January 16, 2009
High caffeine intake linked to hallucinations
[Posted: Thu 15/01/2009 by Deborah Condon]
People who consume high amounts of caffeine may have a greater tendency to hallucinate, the results of a new study indicate.
Researchers at Durham University in the UK found that those with a higher caffeine intake, from sources such as coffee, tea and caffeinated energy drinks, were more likely to report hallucinatory experiences, such as hearing voices and seeing things that were not there.
The study involved 200 students. All were asked about their typical intake of products containing caffeine. Their proneness to hallucinatory experiences and their stress levels were also assessed.
The researchers found that ‘high caffeine users’ were three times more likely to have heard a person’s voice when there was no one there compared with ‘low caffeine users.
For the purpose of the study, a ‘high caffeine user’ was someone who drank the equivalent of seven cups of instant coffee a day. ‘Low caffeine users’ consumed less than one cup of instant coffee a day.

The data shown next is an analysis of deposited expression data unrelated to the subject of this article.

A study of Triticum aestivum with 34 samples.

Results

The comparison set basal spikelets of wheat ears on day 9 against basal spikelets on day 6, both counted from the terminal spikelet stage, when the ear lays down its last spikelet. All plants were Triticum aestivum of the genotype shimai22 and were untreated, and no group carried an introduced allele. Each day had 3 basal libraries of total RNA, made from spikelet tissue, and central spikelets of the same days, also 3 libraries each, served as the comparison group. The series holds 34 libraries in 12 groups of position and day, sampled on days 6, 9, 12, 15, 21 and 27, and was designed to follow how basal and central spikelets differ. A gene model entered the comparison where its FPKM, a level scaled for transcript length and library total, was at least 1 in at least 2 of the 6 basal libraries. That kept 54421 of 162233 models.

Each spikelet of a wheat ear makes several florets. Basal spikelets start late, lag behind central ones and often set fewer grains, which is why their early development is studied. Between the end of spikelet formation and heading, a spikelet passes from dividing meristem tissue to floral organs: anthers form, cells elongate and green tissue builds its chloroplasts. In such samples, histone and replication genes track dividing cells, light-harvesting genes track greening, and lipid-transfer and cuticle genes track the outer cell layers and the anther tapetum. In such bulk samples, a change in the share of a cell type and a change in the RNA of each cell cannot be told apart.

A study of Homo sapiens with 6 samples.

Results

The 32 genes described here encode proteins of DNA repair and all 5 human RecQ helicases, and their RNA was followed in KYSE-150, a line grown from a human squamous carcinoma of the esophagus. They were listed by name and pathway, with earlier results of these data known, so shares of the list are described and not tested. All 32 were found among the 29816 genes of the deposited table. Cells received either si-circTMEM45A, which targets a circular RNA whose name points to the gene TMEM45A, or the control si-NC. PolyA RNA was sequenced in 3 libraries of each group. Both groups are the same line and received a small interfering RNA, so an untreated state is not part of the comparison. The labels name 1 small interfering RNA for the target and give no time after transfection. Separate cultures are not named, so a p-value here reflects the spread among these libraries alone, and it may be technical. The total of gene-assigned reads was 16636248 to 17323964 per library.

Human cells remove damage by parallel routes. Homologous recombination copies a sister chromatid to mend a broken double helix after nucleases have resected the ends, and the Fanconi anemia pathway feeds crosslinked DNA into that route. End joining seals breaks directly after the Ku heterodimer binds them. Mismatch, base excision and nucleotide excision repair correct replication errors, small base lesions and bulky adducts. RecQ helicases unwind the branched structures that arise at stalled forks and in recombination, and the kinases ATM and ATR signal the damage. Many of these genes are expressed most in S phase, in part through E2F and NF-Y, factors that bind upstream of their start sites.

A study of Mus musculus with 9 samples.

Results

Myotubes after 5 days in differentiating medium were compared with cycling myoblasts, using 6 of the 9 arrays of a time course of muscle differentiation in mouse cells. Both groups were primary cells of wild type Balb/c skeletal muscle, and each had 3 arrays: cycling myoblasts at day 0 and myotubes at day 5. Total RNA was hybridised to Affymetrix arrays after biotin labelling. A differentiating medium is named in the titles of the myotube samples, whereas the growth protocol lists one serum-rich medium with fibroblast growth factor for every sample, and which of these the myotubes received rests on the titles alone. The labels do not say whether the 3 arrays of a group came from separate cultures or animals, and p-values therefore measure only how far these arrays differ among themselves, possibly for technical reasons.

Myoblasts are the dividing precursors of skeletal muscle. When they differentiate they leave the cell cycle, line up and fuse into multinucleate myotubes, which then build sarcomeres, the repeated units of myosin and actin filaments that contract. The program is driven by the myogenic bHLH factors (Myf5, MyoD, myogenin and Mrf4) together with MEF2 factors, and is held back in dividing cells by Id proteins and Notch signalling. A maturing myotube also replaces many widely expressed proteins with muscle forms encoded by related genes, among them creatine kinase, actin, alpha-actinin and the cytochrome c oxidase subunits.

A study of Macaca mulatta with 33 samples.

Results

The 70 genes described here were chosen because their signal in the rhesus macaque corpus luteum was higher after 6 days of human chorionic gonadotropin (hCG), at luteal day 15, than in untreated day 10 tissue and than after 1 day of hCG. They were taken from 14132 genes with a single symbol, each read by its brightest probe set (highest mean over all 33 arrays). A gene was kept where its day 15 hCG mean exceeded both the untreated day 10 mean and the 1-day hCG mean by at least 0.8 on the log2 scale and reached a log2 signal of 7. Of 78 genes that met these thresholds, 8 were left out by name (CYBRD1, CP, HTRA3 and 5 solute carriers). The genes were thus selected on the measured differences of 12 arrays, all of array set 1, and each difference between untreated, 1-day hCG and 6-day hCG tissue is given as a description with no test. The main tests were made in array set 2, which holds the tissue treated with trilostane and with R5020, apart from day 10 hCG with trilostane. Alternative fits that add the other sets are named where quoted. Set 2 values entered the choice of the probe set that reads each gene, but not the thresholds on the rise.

The researchers suggested that their findings could be due to the fact that caffeine has been found to exacerbate the physiological effects of stress. When under stress, the body releases a stress hormone called cortisol. More of this stress hormone is released in response to stress when people have recently had caffeine.
It is this extra boost of cortisol which may link caffeine intake with an increased tendency to hallucinate, they said.
“Our study shows an association between caffeine intake and hallucination-proneness in students. However, one interpretation may be that those students who were more prone to hallucinations used caffeine to help cope with their experiences. More work is needed to establish whether caffeine consumption, and nutrition in general, has an impact on those kinds of hallucinations that cause distress,” said one of the study’s authors, Dr Charles Fernyhough.
The researchers added that hallucinations are ‘not necessarily a sign of mental illness’.
“Most people will have had brief experiences of hearing voices when there is no one there, and around 3% of people regularly hear such voices. Many of these people cope well with this and live normal lives.”
Details of these findings are published in the academic journal, Personality and Individual Differences.